US Secretary of Defense visits ASU before historic trip to Asia
Half of all humanity and a majority of the word’s middle class will reside in the Asia Pacific in the next few decades, which is why the United States is bolstering its efforts to protect the region with as much military might as it can muster.
“A growing Asia Pacific is an enormous opportunity for you and your country whether you’re a doctor, an entrepreneur, an engineer, an artist or a software designer,” said U.S. Secretary of Defense Ashton Carter. “The arithmetic is straightforward: 95 percent of the world’s customers for the cures you discover, the software you develop, the articles you write live beyond our borders.”
Carter addressed about 400 Arizona State University students, staff, faculty and local military personnel at the Memorial Union on the Tempe campus on April 6. ASU’s McCain Institute hosted Carter before his first official trip to Asia as head of the Department of Defense and asked him to speak on the links between economic and national security in the Asia Pacific.
“It’s appropriate that I talk about this region at the McCain Institute because John McCain is an American hero, a statesman and a friend of mine,” Carter said. “He’s a staunch supporter when it comes to the welfare of the troops.”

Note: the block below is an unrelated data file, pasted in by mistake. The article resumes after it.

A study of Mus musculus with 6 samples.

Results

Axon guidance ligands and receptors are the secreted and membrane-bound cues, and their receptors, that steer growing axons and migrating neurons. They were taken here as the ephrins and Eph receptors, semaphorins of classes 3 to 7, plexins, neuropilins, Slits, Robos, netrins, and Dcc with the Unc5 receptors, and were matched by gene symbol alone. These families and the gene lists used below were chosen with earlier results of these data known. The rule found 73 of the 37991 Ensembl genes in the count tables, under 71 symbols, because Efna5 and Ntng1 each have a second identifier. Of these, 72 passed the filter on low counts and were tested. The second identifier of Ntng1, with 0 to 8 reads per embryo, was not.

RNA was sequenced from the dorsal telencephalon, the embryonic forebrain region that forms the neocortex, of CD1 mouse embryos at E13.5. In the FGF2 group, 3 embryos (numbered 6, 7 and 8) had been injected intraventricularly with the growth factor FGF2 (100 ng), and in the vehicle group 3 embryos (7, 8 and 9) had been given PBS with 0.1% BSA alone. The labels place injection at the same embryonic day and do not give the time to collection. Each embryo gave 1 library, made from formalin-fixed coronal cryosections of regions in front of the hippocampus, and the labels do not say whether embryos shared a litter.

Carter said thanks to McCain, the U.S. and Vietnam have overcome years of mistrust and have forged a military relationship of shared defense capabilities, something that was not possible a decade ago. Carter pointed to Vietnam as an example of the United States' relationship with the Asia Pacific on the eve of what Carter terms a “rebalance” to ensure we do not lose ground in this dynamic region.
“Over the past 70 years, America has not only helped heal the wounds of World War II, we have helped create the stability that has allowed people, economies and countries throughout the Asia Pacific to make incredible progress,” Carter said. “The rebalance, in a nutshell, is about sustaining this progress and helping the region to continue to fulfill its promise.”
A big portion of the rebalance includes a big show of military force and construction of military bases and installations in Japan, Korea and Guam. To accomplish this mission, Carter said the U.S. will deploy several weapons, technologies and a realignment of troops to the region. They include a long-range stealth bomber; a new long-range anti-cruise missile; F-22, P-8, B-2 and B-52 aircrafts; the creation of a “Star Wars”-style railgun, which uses electromagnetic forces rather than explosives to fire rounds; and a couple of Aegis Ballistic Missile Defense ships.
ASU freshman Ray Riebli, who is planning a career in the Marines, said he found Carter’s remarks about the Asia Pacific exciting and well-executed.
“It’s an exciting time for the military in the Asian Pacific, and everything I have heard from Secretary Carter sounds well-planned and thought-out,” Riebli said. “It’s the future and sounds like it’ll be a good opportunity for our country’s economic growth.”
ASU serves more than 4,500 military, veteran and dependent population students and is committed to their success in education. The university has been named a “Military Friendly School” by G.I. Jobs magazine six years in a row.
An earlier version of this story said about 250 people attended the event.